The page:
Susan Carpenter Los Angeles Times
Lingerie trends in bad times: simple or sexy Blair Thornley/ For the Times

Lingerie trends in bad times: simple or sexy Blair Thornley/ For the Times


Two types of buyers are lifting the strapped market during the economic downturn.



Sugar and spice -- or everything nice? It's opposites that are propelling the lingerie market as the U.S. economy unravels and more Americans stay home. Whether it's blasé basics or come-hither costumes, nesting is giving rise to dueling trends in the lace-trimmed world of intimate apparel. Comfort is paralleling escapism.

"It's almost like the good girl and the bad girl," said Rita Nakouzi, North American director of the fashion forecasting agency, Promostyl. "People are definitely [staying home] more, and what's interesting is that it plays out in two ways. On the one hand, it's about wanting things that are more second skin that make you feel cocooned. On the other, it becomes a little bit more naughty and about fantasy."

Like so many other aspects of the American experience these days, today's lingerie climate is taking at least some of its cues from the Depression. Back then, "If women had any money at all to spend on clothes, it was something to help the clothes look good on them," said Jane Farrell-Beck, author of the book "Uplift: The Bra in America." So, foundations, as they called them -- brassieres and girdles -- "those were the thing," she said.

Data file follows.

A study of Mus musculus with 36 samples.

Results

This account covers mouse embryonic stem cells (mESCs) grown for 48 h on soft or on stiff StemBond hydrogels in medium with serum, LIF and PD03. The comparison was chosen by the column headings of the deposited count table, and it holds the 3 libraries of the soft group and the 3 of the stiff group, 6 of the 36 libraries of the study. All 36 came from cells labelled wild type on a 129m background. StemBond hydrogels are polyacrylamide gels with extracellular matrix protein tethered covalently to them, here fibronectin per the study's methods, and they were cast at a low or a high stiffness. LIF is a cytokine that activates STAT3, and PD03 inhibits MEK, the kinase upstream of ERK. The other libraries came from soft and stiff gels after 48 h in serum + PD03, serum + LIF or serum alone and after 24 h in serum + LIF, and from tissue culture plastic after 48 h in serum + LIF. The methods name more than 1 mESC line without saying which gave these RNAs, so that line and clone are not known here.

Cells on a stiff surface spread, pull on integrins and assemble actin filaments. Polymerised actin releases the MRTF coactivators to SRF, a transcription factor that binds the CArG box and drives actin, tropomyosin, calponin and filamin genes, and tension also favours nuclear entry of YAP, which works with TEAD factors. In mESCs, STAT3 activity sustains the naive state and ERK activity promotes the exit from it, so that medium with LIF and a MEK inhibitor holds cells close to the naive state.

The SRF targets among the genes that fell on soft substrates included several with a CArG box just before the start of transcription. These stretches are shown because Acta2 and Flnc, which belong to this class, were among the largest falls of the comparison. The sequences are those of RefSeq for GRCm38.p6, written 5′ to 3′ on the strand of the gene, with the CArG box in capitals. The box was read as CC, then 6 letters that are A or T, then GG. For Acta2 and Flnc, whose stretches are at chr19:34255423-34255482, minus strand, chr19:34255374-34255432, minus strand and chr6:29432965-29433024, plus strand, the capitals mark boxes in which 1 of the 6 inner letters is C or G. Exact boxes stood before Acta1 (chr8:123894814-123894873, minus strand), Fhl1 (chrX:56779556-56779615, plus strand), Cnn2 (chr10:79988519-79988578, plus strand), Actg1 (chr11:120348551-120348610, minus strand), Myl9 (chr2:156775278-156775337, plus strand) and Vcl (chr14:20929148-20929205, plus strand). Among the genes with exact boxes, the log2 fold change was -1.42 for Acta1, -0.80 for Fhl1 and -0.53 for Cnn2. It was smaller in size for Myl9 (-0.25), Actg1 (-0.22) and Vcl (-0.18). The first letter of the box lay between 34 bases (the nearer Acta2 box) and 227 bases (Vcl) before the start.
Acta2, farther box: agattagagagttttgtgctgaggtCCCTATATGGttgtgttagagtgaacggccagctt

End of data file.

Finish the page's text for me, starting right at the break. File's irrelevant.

That trend toward sturdy foundations is mirrored in today's fragile economic climate. Women still need something to cover their backsides and to keep the girls in place.

"If you can't go out and buy a whole new wardrobe, you can at least have a good bra that makes you look good in the clothes you already have. A little treat in lingerie is less expensive than going out and buying a new outfit," said Jen Abercrombie, owner of the Panty Raid boutique in Silver Lake.

"People aren't taking as many chances," she added. They're sticking to the basics, and they want the ones that work.